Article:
Last Wednesday I rushed through my usually quiet morning routine in order to be organized and on-time for my visit to a fifth-grade class at Salida Middle School. I managed on-time; I’m not so sure I was organized.
The class and their teacher, Samantha Lane Bahn, were welcoming. I managed to hit some of the high notes of what I do and why it matters:
- Why I write (Because I have stories to tell that I hope will help us be more loving and generous human beings, and understand better the community of lives with whom we share this earth.)
- What I did as a scientist (among other things, studied grizzly bear habitat, including their diet, which involved observation and collecting… well, fresh bear poop, and dissecting it)
- Why I left fieldwork for writing (Back to that why I write question, most centrally as a way to show us all how to live more thoughtfully and inflict less harm on each other and this planet.)
- What a writer’s day is like (When I asked the kids why quiet might be important, one girl hit that particular nail squarely on the head: “To hear yourself think!”).
The students were interested, well-prepared, and asked good questions and gave good answers. They clearly have an engaged and energetic teacher.
As I was preparing to leave, Ms. Lane said, “Deidre has something to give you.” She handed me a sheet of lined paper mounted on blue construction stock. “We wrote ‘I Admire…’ essays and Deidre wrote hers about you.”
I was stunned. I hugged Deidre and stuttered something about not knowing whether I could read it out loud. Ms. Lane said, “Deidre can read it.”
I nodded and struggled to maintain my composure while Deidre read:
I admire Susan Tweit tremendously. Her smile lights up the room when she walks in. You can always tell a kind person by the crinkles next to their eyes and Susan has plenty of them. [Ouch. So much for vanity.] …
After going through thick and thin these past few years, Susan is still as bright as the North Star. Susan is plenty capable of doing her own work and doesn’t hesitate when someone needs a helping hand. …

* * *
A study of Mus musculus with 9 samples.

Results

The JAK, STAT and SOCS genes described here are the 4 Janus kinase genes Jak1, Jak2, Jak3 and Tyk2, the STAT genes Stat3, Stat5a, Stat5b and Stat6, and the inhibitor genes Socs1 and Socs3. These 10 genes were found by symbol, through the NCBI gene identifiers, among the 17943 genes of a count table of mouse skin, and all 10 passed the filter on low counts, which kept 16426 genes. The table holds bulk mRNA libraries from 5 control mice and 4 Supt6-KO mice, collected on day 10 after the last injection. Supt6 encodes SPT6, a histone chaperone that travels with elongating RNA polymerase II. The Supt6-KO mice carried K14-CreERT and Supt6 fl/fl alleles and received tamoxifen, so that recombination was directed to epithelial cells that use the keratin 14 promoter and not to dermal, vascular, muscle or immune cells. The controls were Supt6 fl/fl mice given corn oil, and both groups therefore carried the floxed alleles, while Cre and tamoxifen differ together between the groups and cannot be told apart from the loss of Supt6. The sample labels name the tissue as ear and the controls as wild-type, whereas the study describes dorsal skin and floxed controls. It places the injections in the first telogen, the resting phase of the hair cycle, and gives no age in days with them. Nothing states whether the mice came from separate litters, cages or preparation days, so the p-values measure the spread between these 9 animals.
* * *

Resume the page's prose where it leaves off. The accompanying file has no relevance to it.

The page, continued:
Her writing is brilliant. [Deidre, please write my book blurbs!] It gives you a clear picture of what she describes, and brings the characters to life. Susan wrote a book called City Foxes that she gave to my parents when my brother and I were little. I loved that book with all my heart. I still have it propped up on my bookshelf….
I had tears in my eyes when Deidre finished. I hugged her again, and thanked the class and Ms. Lane. Then I escaped out the door, down the halls, and out into the winter sunshine, humbled.
I had woken grumpy that morning, not happy about having given away my writing time and feeling stressed about a looming deadline. (Mornings are the only time I can write–once I go out into the world, insight and inspiration both vanish like vapor in our high-desert air.)
On a deeper level, I was apprehensive, all-too-aware of the energy required to “suit up” and find my brave self for public appearances. After Richard’s death, what once was familiar is no longer. I am more vulnerable, less confident and less sure of this new solo me.
And then to be given the gift, not just of talking with an attentive and interesting class, but of seeing the impact of my writing and life…. I’m still stunned.
And grateful. Thank you, Ms. Lane and your Fifth-Grade class, especially Deidre Hansen. You showed me the power of words–and love.
Note: Salida is a small town. Deidre’s dad, Harry Hansen, is the art blacksmith who forged the curving steel trim for two arched doorways in my former house. Harry and Nicole, Deidre’s mom, together form Sterling & Steel, hand-forging contemporary classic flatware and other household objects. Deidre’s brother Ethan is talented too.